Ultra wide for night photography

Carmen was suggesting me to write a post about how I decide to buy a new important element for my photo gear. So today topic is : finding a solution for shooting night/aurora images.

I have Nikon 16-35 F4 which was decent in the recent trip in Lofoten but a bit too slow. I ended up taking 15-30 seconds exposure at ISO 3200 or 6400 and  I would have definitely liked an extra stop too keep the iso at 1600 or to have shorter time during moving Northern lights. Other options that I have and I could are NIkon 24-70 F2.8 which is fast enough but not wide enough or Nikon 28MM f1.8 which is even faster and can be a decent solution if I can take 2 or more shots and combine them in a panorama. So the new lens should be good quality, sharp across the frame, with good control of coma and vignetting. F2.8 is a must as well.

1. The first obvious choice is Nikon 14-24 – a giant in the world of ultrawide lenses. probably the best ever made. I know Canon people buying this lens and using it with an adapter, and that is saying a lot about the reputation and the quality of 14-24. Optically, you can’t go wrong with it. Amazing sharpness and very well corrected aberrations. The two negative points are the price (about 1650 Eur in Denmark) and the ability and easiness of using filters. Of course, using it for night photography does not requires filters, but…its a shame to buy such a monster and use it only few times per year, given that Denmark is not exciting enough in terms of night photography opportunities. In terms of filter, there are 3 choices and you could read this good article of Ian Plant listing them in a blog post. Its a bit old post and some things have changed since then (like the Lee 150SW mark II) but it clearly states the 3 solutions existing in the market with pros and cons. They are all expensive, they are all bulky but the main criteria for me are the leakage of light/flaring and the filters available.The winner in my opinion seems to be Lucroit system from Hitech which scores pretty well at light leaking and has a very good selection of Hitech filters available (although I have seen lately some images shot using this system that clearly show a huge amount of flaring : here and here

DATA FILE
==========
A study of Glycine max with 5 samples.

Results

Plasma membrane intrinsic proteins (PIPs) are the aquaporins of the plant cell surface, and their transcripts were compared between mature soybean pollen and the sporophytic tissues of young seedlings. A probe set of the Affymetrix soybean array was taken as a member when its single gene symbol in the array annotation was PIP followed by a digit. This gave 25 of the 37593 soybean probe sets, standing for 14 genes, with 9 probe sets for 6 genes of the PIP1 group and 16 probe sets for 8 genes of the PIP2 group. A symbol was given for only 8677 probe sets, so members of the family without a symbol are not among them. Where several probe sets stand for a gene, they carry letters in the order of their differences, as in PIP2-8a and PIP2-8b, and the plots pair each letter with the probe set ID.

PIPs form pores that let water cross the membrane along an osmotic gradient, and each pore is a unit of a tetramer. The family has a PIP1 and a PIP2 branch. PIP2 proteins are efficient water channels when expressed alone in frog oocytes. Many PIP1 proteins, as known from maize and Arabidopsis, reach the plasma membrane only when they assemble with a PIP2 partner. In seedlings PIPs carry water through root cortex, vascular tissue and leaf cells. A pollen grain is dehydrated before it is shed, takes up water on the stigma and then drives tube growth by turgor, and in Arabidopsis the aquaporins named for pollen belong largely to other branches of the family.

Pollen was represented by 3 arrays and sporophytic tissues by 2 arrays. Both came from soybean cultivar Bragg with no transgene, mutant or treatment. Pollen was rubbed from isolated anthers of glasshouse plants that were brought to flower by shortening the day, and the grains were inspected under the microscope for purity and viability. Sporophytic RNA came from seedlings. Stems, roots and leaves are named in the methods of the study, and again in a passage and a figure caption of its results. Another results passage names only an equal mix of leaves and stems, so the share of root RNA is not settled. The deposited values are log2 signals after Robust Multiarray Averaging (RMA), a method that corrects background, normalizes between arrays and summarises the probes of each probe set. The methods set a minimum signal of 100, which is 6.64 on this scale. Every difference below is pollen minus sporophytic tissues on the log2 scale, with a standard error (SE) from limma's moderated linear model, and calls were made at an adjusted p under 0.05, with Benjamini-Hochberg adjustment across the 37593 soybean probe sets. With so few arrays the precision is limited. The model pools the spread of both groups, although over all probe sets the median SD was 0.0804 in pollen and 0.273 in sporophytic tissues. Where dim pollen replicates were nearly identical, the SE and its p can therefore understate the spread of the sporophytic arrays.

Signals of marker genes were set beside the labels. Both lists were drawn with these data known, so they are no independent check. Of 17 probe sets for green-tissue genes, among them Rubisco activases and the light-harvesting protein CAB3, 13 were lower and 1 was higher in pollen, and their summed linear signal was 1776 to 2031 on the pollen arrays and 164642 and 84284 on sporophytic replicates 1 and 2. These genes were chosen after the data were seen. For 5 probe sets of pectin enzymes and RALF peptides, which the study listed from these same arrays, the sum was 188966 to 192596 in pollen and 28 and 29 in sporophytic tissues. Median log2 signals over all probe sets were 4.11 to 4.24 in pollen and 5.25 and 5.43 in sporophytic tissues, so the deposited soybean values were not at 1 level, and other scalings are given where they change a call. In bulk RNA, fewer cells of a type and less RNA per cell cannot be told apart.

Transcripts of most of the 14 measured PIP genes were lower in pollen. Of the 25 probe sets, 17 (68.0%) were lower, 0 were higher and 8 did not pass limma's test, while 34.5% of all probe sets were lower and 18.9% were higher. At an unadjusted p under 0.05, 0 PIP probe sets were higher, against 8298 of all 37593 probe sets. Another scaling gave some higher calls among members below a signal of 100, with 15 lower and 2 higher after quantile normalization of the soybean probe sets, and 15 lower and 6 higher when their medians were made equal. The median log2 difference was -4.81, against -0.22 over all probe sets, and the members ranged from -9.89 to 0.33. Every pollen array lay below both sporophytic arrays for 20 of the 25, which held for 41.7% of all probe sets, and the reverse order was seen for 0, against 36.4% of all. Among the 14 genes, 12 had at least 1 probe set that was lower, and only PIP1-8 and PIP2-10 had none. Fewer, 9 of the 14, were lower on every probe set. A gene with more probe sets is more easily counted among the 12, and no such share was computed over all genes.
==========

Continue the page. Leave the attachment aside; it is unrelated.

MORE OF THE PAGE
2. Second choice is the new Tamron 15-30 F2.8, a very welcome addition to this market. According to the guys from LensTip, it is a great lens, on par with Nikon 14-24. The price is also about 25% cheaper (1250 eur in Denmark) but I would still wait for the DXO Mark review of it and more reviews from seasoned pro before bitting the bullet and buying it. It has the same problem with filters as 14-24 and it seems that  Lucroit-Hitech guys thought about it and it is fully supported by their system. Some minor negative points when comparing it with Nikon 14-24 is that sometimes, with third party lenses, you need to return few copies before you get a good one; also a classic lens like Nikon 14-24 hold better resale values over year if properly taken care of.

3. A cheap but still very decent choice that I cosider is the Samyang 14mm (or Rokinon how it is marketed in other places, and especially the second version of it). Price wise is by far the most attractive, costing around 400 Eur in Denmark. It is a good compromise for night photography having decent sharpness, especially in the center of the frame and quite good correction of coma (again Lenstip guys turned out to be quite helpful. Also comparing it with the 16-35 mm lens I currently own, I can see that it is definitely not  worth in terms of sharpness but lacks a bit in transmission and is much worse in terms of distortion according to DXO Mark in depth review. On the negative side: it requires manual focus (but its definitely acceptable for night photography) and it cannot take filters at all. The sharpness is also not so good at corners when shooting wide open.
So tough decision and a problem I do not have a solution yet. Please feel free to comment using your experiences especially regarding filter systems for Nikon 14-24 and/or Tamron 15-30.